POST WORKOUT SHAKE
The post workout shake composition can have a big impact on how we recover between workouts. The muscles are subjected to micro tears as we train and proper recovery means everything when we talk about gaining muscle mass. There are a few details as far as the nutrition that can speed up the process.
POST WORKOUT PROTEIN
The muscles need a source of rapid absorption protein after an intense training session (the ideal ration is something around 9g of protein an hour as far as the absorption rate).
The protein intake should happen up to an hour after the workout is over. A study done at the University of Texas concluded that after an intense training session the muscles can absorb around 50% more protein than the normal rate. Unless there’s a specific health condition concerning protein intake the usual dose goes from 25-40g (about 1-2 measuring scoops – that usually comes inside the product). The individual dose depends on a series of conditions like someone’s weight, for example.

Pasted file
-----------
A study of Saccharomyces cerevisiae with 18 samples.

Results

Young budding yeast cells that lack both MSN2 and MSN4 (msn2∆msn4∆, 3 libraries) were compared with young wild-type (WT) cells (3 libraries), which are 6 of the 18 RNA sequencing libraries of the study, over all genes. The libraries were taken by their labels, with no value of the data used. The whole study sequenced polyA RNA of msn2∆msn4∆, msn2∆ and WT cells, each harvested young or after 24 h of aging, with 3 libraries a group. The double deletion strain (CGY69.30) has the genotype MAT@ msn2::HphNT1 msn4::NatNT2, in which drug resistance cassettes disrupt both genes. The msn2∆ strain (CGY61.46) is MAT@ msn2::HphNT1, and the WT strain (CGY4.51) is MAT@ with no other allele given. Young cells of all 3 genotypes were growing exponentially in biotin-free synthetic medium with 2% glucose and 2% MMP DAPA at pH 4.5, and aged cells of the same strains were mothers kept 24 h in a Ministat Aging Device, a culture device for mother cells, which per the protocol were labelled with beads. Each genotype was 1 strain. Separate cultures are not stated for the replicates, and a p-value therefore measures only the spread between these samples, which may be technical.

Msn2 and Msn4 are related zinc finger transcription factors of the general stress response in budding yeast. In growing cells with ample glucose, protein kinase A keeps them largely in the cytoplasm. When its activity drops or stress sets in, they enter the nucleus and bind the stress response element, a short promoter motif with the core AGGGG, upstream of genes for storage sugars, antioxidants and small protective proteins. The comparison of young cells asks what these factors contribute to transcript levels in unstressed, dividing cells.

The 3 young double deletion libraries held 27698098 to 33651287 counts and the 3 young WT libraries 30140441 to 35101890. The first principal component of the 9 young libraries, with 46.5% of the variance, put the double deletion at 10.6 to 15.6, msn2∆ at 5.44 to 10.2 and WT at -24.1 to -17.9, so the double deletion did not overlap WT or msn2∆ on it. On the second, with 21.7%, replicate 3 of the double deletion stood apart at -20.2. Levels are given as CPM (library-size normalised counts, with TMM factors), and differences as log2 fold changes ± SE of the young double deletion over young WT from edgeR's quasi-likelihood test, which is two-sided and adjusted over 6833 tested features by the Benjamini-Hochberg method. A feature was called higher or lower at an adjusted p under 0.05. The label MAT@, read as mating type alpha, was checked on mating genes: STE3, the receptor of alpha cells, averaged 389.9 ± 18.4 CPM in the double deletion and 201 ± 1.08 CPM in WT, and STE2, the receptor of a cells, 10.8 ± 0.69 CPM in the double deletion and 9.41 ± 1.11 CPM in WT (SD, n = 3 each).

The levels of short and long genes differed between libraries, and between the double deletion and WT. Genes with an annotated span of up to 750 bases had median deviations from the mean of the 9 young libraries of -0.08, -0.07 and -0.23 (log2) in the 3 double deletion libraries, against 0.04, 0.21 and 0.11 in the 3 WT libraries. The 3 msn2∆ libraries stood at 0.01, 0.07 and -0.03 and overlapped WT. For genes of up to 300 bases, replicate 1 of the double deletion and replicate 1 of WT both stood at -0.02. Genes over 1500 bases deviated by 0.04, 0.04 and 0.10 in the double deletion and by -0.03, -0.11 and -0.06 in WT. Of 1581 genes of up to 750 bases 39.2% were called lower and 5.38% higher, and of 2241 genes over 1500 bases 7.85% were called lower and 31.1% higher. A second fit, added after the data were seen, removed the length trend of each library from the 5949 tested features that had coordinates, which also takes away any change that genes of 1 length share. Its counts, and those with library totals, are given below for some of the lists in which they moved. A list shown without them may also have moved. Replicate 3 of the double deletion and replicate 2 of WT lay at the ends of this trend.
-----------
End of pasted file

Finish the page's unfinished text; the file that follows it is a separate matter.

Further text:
The daily protein prescription (not talking specifically about the post workout shake) varies between 1.6g to 2 or even 2.5g of protein per Kg/day. It’s very important to remember that for the meats, for example, the weight does not equal the total protein amount (Ex: 1 chicken filet of about 110g has about 28g of protein).
For that effect there are many protein sources that can be used at a post workout shake. It goes from whey protein to rice protein, pea protein among others.
A good high insulin carbohydrate source can help the body absorb protein more efficiently (Insulin Index - https://en.wikipedia.org/wiki/Insulin_index). The usual dose is about 60g (for this matter dextrose and maltodextrin are utilized frequently). There are several articles that advise the use of 4-5g of carbohydrates per Kg/day.
Good examples of fruits that can also be utilized with the protein in the shake (instead dextrose and maltodextrin) are: mangos, bananas, grapes. Other types of foods such as granola and honey can also be added.